Students may have to walk a little farther to catch a school bus. They may want to consider eating lunch or breakfast in the school cafeteria if they do not do so already. Boys may see something new in the school restrooms. Like everywhere else, money is tight in the Hernando County school district, and departments are trying to conserve and cut costs wherever they can. The food service department hopes to increase student participation. Food and nutrition director Lori Drenth hopes to increase interest in high school lunches by offering 18 entrees each day.
"There are lots of options," she said, including vegetarian wraps and a variety of chicken dishes.
To increase breakfast participation, Drenth said she and her staff will serve the best-selling items from last year. These include chicken biscuits, sausage biscuits, breakfast pizza and piggle sticks (a pancake wrapped around a sausage).
To encourage more kids to eat school food, Drenth sends out menus to teachers so they can pass them to students. Menus are also online.
Drenth continues to offer an online payment option for convenience. Parents can use a debit or credit card to put money into their children's accounts. Parents are notified when the accounts get low. Accounts also can be set up to be credited automatically. Parents also can log on and see what their children are buying.
Transportation director Linda Smith said she is consolidating bus routes to increase efficiency. Cutting the number of bus stops keeps buses on the road less and saves fuel.
Smith said the department is looking at the possibility of buying a couple of propane-powered buses at some point. Propane is less expensive than diesel.
In the maintenance department, director Ken Hill and his staff have been looking for savings.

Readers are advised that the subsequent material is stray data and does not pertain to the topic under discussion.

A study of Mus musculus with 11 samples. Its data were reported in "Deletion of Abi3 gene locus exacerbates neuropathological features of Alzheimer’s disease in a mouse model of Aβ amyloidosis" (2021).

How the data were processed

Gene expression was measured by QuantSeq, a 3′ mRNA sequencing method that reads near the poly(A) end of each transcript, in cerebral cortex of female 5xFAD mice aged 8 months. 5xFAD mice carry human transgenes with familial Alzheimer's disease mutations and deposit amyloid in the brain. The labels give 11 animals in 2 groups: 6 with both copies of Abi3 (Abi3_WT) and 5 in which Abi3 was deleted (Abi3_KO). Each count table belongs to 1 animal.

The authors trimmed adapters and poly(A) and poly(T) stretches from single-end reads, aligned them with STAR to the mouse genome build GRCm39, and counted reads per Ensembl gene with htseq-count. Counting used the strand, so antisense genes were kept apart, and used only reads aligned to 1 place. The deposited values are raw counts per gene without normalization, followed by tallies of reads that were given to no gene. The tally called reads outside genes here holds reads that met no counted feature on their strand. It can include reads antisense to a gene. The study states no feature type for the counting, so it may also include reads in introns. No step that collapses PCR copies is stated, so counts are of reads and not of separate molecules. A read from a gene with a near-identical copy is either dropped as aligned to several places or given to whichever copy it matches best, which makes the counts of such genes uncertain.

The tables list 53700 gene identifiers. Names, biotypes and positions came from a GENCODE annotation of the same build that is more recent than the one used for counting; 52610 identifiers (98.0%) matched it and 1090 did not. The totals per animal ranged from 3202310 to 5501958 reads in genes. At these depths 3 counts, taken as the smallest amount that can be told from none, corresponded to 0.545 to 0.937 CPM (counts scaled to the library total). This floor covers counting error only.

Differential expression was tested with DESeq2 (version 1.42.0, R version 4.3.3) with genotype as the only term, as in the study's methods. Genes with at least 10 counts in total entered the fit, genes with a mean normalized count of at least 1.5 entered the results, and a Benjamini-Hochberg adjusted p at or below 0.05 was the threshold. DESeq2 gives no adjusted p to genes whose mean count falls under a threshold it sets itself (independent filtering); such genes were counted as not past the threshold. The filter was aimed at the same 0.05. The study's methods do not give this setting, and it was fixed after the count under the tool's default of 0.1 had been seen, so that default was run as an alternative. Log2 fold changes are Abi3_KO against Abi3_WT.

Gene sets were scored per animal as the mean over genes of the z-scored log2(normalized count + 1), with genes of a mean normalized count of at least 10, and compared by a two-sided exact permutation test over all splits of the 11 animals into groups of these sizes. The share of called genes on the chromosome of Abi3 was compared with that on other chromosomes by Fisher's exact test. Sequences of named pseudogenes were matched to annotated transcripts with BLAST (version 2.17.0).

A new pilot program will have waterless urinals at Fox Chapel and Parrott middle schools. The urinals save about 250,000 gallons of water a year per school, Hill said, and that also lowers water bills.
During the summer, Challenger K-8, the last school that did not have energy-saving light controls and sensors, had them installed.
Powell Middle School and Eastside Elementary School each had 20 air-conditioning units installed. Letting in-house workers do the jobs instead of subcontractors saved the district about $40,000 to $50,000, primarily in labor costs.
During the summer, maintenance employees worked four-day weeks for six weeks, saving the district about $100,000. Classroom air temperatures have been adjusted one degree, saving $70,000.
"Where practical, we're buddying-up to save on truck and fuel usage," Hill said.
Sean Arnold, who manages the custodial department, has started a team-cleaning program to move custodians through schools together, which makes cleaning faster and more efficient.
More than $350,000 was saved by having the current custodial staff cover more space. This allowed the district to move custodians to the new Explorer K-8 without hiring new ones.
Working with finance director Deborah Bruggink and superintendent Wayne Alexander, Hill said maintenance costs have been reduced by $800,000 over the past six months.